This post was prepared by Frank Reynolds, who has been following Delaware corporate law, and writing about it for various legal publications, for over 30 years.

A Delaware Supreme Court majority recently revived a shareholder suit that claimed Towers Watson & Co.’s CEO put his interests ahead of the investors in a merger with Willis Group Holdings Public Limited Co. and didn’t tell his board about a Willis director’s hefty pay proposal to head the combined company in City of Fort Meyers General Employees Pension Fund et  al. v. Haley, et al., No. 368, 2019, opinion issued (Sup. Ct. June 30, 2020).

The majority’s June 30 opinion reversed the Court of Chancery’s dismissal of derivative charges that Towers CEO and director John Haley breached a fiduciary duty and that Willis major shareholder ValueAct Capital Management, L.P., and its director delegate to Willis aided that breach with the proposal. In re Towers Watson & Co. S’holders Litig., 2019 WL 3334521 (Del. Ch. July 25, 2019)

The majority of the en banc court said at the motion-to-dismiss stage, the undisclosed prospect of a post-merger CEO job with a five-fold pay increase for Towers’ lead negotiator would have been a conflict-of-interest concern if revealed to his board – especially since Haley subsequently supported a minimum price increase ,

Justice Karen Valihura, writing for the majority, said the high court’s standard for a duty of candor charge, stated in Weinberger v. UOP, Inc., 457 A.2d 701, draws a conflict of interest line where there are well pled charges that directors conceal information the board needs to make an informed decision.

History

Towers, a prominent Delaware-chartered professional services firm began merger talks in 2015 with Willis, a global advisory, brokering, and solutions business chartered in Ireland. The primary driver of those talks was Jeffrey Ubben, founder of ValueAct, a limited partnership that was a large activist investor in Willis.

According to the opinion, Ubben had been pressing Willis management for a transaction that would boost the stock price, which had allegedly been languishing since the 2008 recession and had threatened to force a breakup sale of Willis if the Towers merger did not happen. The opinion said Ubben met with Haley and promised he could influence the Willis board to offer Haley the CEO position at the five times his then current $14 million pay scale.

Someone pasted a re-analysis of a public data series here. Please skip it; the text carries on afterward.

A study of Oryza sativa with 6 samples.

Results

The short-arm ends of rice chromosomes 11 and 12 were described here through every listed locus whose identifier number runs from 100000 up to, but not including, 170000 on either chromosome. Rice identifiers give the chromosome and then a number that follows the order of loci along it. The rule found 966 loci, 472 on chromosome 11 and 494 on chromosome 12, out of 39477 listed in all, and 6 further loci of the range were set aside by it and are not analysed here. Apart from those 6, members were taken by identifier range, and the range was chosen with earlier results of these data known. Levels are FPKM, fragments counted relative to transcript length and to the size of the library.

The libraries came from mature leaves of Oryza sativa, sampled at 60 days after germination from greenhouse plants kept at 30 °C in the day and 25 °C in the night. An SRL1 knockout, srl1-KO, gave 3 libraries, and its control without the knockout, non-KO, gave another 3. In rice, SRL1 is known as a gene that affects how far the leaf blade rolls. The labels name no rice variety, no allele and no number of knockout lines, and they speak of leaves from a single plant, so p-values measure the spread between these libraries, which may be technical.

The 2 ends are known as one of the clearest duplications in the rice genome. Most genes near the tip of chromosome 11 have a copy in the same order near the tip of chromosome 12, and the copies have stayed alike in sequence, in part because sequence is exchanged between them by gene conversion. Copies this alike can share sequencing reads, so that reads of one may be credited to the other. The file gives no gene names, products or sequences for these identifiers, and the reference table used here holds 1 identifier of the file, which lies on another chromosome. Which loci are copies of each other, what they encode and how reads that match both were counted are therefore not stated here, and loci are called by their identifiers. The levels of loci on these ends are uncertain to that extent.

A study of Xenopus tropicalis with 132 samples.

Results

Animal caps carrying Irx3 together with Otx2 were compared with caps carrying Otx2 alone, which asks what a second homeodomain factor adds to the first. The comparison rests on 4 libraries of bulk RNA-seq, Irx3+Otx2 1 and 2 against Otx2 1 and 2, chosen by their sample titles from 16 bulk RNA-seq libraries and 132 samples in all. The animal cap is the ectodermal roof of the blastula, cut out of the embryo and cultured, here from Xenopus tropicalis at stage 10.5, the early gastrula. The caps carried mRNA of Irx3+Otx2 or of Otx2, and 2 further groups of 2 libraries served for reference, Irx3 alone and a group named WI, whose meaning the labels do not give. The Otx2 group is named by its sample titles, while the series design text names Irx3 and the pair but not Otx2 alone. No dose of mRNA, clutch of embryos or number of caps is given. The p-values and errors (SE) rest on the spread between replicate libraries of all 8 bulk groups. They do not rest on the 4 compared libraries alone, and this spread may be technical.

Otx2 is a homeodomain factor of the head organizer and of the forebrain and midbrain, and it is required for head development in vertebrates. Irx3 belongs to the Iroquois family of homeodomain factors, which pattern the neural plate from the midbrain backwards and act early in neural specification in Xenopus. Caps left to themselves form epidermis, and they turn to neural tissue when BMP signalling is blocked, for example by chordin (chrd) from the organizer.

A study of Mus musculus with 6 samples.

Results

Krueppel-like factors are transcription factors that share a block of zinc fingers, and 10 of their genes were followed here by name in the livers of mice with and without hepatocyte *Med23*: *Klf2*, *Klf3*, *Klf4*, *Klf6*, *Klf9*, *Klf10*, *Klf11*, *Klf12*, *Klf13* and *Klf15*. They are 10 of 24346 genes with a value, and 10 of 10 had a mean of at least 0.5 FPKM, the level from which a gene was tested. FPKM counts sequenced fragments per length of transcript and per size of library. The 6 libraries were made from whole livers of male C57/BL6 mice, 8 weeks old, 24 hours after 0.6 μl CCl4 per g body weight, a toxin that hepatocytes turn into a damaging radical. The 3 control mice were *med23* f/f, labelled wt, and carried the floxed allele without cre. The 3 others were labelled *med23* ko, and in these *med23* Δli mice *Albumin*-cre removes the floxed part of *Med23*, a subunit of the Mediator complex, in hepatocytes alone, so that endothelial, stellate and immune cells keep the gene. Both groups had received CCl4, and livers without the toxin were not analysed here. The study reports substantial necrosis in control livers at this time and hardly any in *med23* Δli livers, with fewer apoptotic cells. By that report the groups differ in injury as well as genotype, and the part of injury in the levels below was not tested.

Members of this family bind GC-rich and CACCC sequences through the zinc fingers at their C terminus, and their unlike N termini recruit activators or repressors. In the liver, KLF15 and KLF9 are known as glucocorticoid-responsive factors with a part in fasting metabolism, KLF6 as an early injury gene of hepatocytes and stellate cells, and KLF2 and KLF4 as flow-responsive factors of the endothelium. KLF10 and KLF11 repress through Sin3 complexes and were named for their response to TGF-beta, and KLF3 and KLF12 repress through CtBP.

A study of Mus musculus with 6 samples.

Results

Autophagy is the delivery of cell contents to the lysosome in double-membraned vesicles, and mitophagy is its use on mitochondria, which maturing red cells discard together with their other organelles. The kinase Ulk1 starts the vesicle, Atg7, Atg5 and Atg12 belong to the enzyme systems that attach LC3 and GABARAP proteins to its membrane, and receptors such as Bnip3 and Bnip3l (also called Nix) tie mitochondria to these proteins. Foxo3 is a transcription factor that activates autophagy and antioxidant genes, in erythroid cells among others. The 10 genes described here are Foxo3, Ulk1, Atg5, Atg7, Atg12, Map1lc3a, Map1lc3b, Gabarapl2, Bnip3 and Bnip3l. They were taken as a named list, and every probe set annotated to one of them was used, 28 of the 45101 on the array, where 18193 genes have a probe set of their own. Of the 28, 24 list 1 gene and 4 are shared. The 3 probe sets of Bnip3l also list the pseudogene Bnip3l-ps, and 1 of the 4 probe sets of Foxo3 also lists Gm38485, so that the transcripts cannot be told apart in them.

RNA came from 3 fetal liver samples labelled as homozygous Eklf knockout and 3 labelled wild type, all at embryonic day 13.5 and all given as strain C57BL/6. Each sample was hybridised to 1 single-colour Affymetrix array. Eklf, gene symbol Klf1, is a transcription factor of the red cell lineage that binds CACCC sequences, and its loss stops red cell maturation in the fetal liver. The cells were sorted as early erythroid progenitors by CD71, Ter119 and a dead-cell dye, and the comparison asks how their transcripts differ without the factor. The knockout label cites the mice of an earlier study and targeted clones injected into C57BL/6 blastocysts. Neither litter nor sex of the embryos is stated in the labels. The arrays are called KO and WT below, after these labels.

Allegedly, Haley informally agreed but did not inform the Towers board, and subsequently backed a merger-of-equals in which Willis shareholders got a 50.1 percent majority control of the combined company and Towers investors got 49.9 percent even though Towers had been the stronger performer.

Moreover, the proposed deal gave Towers investors a price that was significantly less than their stock had been selling for before the merger was announced – even when their $4.87 per share dividend was included. Towers investors threatened to scuttle the deal by withholding their required approval.

Haley backed an increase of the dividend to $10 a share – just enough to win a majority backing from investors, but low enough to spark disgruntled shareholder suits in several courts, including five breach of duty complaints naming Haley, Ubben and ValueAct that were combined in the Chancery Court.

The Court of Chancery dismissal

Chancery dismissed all charges, finding that the deferential business judgment rule gave the defendants the benefit of the doubt because there was insufficient proof that the merger decision was ill-informed or tainted by self-interest.

Vice Chancellor Kathaleen McCormick ruled that the news of Hartley’s proposed position and pay would not likely alter the board’s thinking because it was expected that Hartley would get the job at a significant compensation increase to run the combined company and there was no proof he sold out the Towers investors to get it.

The appeal

The high court reversed, finding that, as required under the milestone Cinerama decision (Cinerama, Inc. v. Technicolor, Inc., 663 A.2d 1134, (Del. Ch. 1994), there is more than mere proof of a conflicted director here, because the plaintiffs showed that:

(i) the director was “materially self-interested” in the transaction,

(ii) the director failed to disclose his “interest in the transaction to the board,” and

(iii) “a reasonable board member would have regarded the existence of [the director’s] material interest as a significant fact in the evaluation of the proposed transaction.”

“Plaintiffs are entitled to an inference that the prospect of the undisclosed enhanced compensation proposal was a motivating factor in Haley’s conduct in the renegotiations to the detriment of Towers stockholders,” the majority said in reversing and remanding the case to proceed in the Court of Chancery.

In a lone dissent, Justice James Vaughn said while he agreed with the criteria the majority set for overcoming the business judgment rule in this case, he determined that the board knew Hartley was in line to be the CEO at a substantial pay increase and was materially self-interested in the deal, so knowledge of the formal offer would not have changed the directors’ votes.